One Assyrian invasion or two?


There is some debate as to whether there were one or two invasions of Judah by Sennacherib. What has lead to this debate? If we look at these story of Sennacherib’s invasion of Judah as is portrayed in the records, there is something quite strange about it. King Hezekiah, now allied with Egypt and the other client kingdoms ceases paying tribute to Assyria. Sennacherib invades Judah to re-establish his control. Seeing all his allies have been defeated, Hezekiah recants of his rebellion and offers to pay the outstanding tribute. Sennacherib agrees and takes possession of the tribute. The next thing we have is the story of Sennacherib besieging Jerusalem. The question that has puzzled historians is – if the purpose of Sennacherib’s invasion was to re-establish control and tribute from Judah, why after achieving his purpose did he then go on to besiege Jerusalem? There are other things which do not quite add up. For instance, when he is besieging Jerusalem, Sennacherib , has to lift the siege to go off and defeat an Egyptian army. One of the leaders of this army is listed as being Tirhakh, King of Ethiopia. However, from Egyptian records we know that he didn’t actually come to his throne until 690 BCE and so therefore couldn’t have been a battle 11 years earlier. We also know from Egyptian sources that Tirkakh went on an external military campaign sometime between 690 and 685 BCE. Although the identity of his opponents is not identified, it would be reasonable to suppose that he had marched north into Judah to aid his allies against Assyria. This evidence, therefore, would put the siege of Jerusalem sometime in the period between 690 and 685.
The two invasion hypothesis, goes something like this. Following the death of Sargon, Egypt and the client kingdoms align themselves against Assyria. In 700 to 701 Sennacherib restores control over Syria, the city states of Phoenicia and Philistia and the territory of Samaria. Judah now stands alone. Hezekiah, realising his desperate position reaffirms his loyalty to the Assyrian throne, and pays a huge tribute which Sennacherib accepts and returns to Assyria. Around 688 BCE Hezekiah goes back on his word, Sennacherib invades again and besieges Jerusalem. The outcome of this siege is that the Assyrians get plague in their camp and have to retreat, without any positive outcome.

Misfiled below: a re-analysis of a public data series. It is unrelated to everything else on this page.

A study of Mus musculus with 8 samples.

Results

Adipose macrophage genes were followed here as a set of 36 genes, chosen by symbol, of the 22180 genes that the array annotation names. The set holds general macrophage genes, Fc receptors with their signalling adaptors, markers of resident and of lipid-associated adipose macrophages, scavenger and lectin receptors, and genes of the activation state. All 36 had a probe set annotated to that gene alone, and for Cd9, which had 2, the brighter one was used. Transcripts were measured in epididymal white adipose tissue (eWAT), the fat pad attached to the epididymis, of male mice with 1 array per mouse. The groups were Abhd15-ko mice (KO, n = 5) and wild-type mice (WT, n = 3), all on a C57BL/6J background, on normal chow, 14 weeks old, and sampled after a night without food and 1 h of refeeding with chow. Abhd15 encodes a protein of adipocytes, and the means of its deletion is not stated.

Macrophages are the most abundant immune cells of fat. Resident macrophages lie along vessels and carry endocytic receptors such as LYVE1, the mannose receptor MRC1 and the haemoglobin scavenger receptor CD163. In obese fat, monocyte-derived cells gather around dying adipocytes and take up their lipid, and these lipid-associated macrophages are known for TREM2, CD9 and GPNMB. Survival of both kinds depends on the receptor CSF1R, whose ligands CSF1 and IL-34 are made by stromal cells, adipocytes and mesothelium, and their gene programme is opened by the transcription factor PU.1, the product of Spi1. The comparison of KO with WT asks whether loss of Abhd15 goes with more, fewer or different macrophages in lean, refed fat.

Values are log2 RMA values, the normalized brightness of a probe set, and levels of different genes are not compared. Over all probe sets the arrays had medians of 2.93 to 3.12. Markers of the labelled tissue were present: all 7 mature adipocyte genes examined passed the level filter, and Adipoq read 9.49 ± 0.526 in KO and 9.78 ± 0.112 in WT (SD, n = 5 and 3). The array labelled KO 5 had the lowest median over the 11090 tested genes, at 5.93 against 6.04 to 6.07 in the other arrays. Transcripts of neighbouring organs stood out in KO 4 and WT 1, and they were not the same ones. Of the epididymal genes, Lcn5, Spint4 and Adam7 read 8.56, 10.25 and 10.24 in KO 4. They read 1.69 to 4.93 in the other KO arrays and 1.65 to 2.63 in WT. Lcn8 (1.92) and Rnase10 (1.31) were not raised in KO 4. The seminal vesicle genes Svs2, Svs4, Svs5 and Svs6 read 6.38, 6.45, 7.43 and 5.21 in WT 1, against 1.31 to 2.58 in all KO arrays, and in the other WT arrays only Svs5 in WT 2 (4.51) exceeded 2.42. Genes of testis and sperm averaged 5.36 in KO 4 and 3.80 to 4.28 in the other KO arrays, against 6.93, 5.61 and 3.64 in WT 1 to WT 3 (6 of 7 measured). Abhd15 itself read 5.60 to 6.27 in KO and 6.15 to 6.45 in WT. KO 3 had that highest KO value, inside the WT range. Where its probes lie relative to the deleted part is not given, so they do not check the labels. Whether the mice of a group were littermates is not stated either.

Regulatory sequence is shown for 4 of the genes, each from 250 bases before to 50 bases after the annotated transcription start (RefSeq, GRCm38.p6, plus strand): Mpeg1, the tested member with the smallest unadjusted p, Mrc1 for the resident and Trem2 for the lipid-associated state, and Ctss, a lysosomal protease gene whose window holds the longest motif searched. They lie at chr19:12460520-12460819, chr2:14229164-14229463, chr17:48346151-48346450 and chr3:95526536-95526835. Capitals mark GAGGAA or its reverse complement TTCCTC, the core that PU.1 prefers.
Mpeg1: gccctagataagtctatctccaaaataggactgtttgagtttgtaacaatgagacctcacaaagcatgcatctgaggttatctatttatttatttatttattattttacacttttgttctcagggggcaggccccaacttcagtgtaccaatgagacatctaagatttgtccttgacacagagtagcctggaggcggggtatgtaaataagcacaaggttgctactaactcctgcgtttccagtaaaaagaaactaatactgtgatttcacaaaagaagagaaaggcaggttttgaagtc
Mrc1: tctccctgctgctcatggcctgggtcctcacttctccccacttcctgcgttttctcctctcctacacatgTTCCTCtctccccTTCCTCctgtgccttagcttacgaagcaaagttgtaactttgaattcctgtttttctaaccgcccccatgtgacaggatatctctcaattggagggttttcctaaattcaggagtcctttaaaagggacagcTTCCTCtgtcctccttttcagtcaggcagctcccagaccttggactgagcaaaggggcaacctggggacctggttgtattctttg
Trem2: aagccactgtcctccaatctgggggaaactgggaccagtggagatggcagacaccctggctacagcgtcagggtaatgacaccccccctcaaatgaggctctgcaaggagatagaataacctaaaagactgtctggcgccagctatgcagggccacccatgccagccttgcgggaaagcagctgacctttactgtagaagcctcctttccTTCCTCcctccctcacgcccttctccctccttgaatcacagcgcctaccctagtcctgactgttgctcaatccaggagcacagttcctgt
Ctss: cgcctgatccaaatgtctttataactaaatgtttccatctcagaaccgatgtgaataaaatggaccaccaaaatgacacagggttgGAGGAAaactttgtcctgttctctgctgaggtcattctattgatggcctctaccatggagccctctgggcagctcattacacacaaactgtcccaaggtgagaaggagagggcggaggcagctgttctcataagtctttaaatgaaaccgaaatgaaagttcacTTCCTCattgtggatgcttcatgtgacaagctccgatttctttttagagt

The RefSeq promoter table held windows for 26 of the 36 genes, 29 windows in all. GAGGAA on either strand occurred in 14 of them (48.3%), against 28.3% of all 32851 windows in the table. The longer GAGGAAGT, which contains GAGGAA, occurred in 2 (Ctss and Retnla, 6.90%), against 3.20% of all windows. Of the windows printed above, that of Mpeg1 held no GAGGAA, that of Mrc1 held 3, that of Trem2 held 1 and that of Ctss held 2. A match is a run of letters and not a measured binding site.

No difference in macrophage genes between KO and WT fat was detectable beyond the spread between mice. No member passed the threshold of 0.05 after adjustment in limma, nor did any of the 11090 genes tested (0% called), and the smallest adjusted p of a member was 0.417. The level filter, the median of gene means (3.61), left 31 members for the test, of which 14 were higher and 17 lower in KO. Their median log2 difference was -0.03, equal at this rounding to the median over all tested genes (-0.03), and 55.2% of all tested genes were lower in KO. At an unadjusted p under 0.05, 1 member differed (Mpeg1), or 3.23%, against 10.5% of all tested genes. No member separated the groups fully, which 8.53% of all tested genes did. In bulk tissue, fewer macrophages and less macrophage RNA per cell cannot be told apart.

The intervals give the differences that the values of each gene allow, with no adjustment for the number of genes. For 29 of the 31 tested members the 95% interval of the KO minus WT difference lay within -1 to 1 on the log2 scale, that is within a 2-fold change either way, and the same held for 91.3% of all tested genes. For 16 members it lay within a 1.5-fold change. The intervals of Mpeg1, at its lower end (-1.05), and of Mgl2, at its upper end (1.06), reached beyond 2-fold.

If we now go back to Lachish, we have to ask the question – if there were actually two Assyrian invasions which one lead to the destruction of the city? It is in fact very difficult to come to a firm conclusion. We do know that Sennacherib was at Lachish in 701 BCE, since it is from here that he sends his messengers to Hezekiah demanding the tribute and his reaffirmed loyalty. Had the city already been destroyed, had he merely captured it or was he merely camped outside it. The sources are unclear. Assyrian records for the 701 campaign claim the capture of ‘46 strong cities plus walled forts and countless villages’. I wonder if this is an exaggeration. Remembering that Judah at this time was a relatively weak nation with an largely agricultural economy, I doubt that there were 46 cities in Judaea and certainly up until today nothing like that number have been identified. To further complicate the problems the Assyrian annals for the years 688 to 681 have never been discovered and so can throw no further light on the chronology of Sennacherib’s campaigns in Judah. There is an argument that in fact Lachish was not destroyed until the 688 campaign based on the idea that the re-fortification described by Finkelstein is more likely to have happened in the years between 701 and 688, than in the years before 701. The argument states that Hezekiah having realised his error in 701 sought to further fortify his cities, knowing that the agreement of 701 would only be temporary and it was the completion of this and his other preparations, such as improving the water supply to Jerusalem, which set the date for him to rebel again. Israel Finkelstein, one of the leading Israeli archaeologists, writes that Hezekiah had created a ‘formidable fortification system consisting of a sloping stone and development. Halfway down the slope of the mound and the massive brick wall at his crest with a huge Bastion and a six chambered gate.’


An argument for the destruction of Lachish in 701 is that Sennacherib’s new Palace in Nineveh was completed in 694. One of the rooms in that palace contains a set of wall reliefs which show the capture and destruction of Lachish. If these are contemporary with the building of the Palace, then clearly the battle and destruction must have happened in the 701 campaign.